By Eric McKeegan,
In case you’ve been living in the stone age lately, SRAM’s XX1 is a new 11-speed drivetrain. What makes it interesting is that it is just that, an 11-speed group. Not 3×11 or 2×11, but a 1×11 group. A new wide-range 10×42(!) cassette is matched up with unique chainrings in sizes ranging from 28-38 teeth. You even get a choice of an 11-speed-only trigger or Grip Shift.
The first priority of this new drivetrain is chain retention. The fancy front X-SYNC rings have alternating tooth profiles, skinny for inner links, wider for outer links. Matching the tooth profile to the chain profile means less slop and more retention, both good things for a drivetrain.
The cassette’s 10 tooth cog necessitates a new cassette body standard, but let’s be honest here, if you have the money for this drivetrain, buying a cassette body (or a new rear wheel) isn’t going to deter you much. Several brands including SRAM, DT Swiss, and Mavic have or will have wheels and hubs ready to go as I type and we’re expecting to see a lot more at the show.
The rear derailleur, which sports the name X-HORIZON, is of the Type 2 variety, meaning a one-way clutch helps keep the chain from bouncing around, fulfilling the secondary priority of a quiet drivetrain. Instead of the standard slant parallelogram design, XX1 uses a horizontal parallelogram and an offset upper pulley. The difference between the two is more than I can (or care to) cover here so let’s skip ahead to the ride section. (You can geek out on how it works in this video from SRAM. – Ed.)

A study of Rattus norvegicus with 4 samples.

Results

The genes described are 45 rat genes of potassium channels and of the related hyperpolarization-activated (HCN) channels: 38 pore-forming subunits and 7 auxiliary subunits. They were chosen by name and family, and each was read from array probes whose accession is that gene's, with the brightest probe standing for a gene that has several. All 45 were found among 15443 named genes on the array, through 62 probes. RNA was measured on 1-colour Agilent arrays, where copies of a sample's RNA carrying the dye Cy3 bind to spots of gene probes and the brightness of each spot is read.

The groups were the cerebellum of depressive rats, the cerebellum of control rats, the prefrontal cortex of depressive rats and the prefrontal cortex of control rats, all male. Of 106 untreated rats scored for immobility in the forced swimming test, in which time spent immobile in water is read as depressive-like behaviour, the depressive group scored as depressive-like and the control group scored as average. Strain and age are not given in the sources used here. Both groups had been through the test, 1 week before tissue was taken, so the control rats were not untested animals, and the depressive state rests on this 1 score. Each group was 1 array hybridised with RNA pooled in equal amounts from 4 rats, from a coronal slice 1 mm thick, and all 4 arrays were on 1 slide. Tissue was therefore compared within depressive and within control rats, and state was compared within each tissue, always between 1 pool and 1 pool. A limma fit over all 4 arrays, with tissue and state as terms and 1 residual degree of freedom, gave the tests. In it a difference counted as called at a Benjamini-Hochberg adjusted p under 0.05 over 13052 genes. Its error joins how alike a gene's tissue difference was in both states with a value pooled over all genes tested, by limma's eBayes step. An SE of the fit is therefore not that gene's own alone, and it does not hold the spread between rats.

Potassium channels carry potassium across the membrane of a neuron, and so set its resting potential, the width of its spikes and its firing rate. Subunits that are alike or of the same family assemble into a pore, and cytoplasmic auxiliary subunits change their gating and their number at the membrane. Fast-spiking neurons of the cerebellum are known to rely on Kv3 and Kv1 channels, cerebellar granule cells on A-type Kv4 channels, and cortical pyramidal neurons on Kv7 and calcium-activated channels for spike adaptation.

I got set up on a fully SRAM’ed out Trek Slash, and sped off to the trails with requests from the SRAM folks to shift under power, hit the chunder, and generally do my best to make this thing skip or drop the chain.
My first impression? I forgot about the whole wiz-bang newness spinning away down there. The gears shifted like a high-end drivetrain should and the chain stayed on even after stacking up pretty hard in some deep sand. The gearing range with an 32-tooth ring seemed just about right for the terrain here in Bootleg Canyon, Nevada, maybe even a little on the low side.
Who’s going to dig this new drivetrain? That still remains to be seen. It is marketed to be an option to anyone except full downhill riders, but will it have enough gearing range for XC racers? Will it keep chains well enough for Enduro guys to give up their chain guides? I can’t even hazard a guess as of yet, but I’m not going to complain about a company like SRAM taking a bold step like this to address drivetrain shortcomings we’ve all experienced.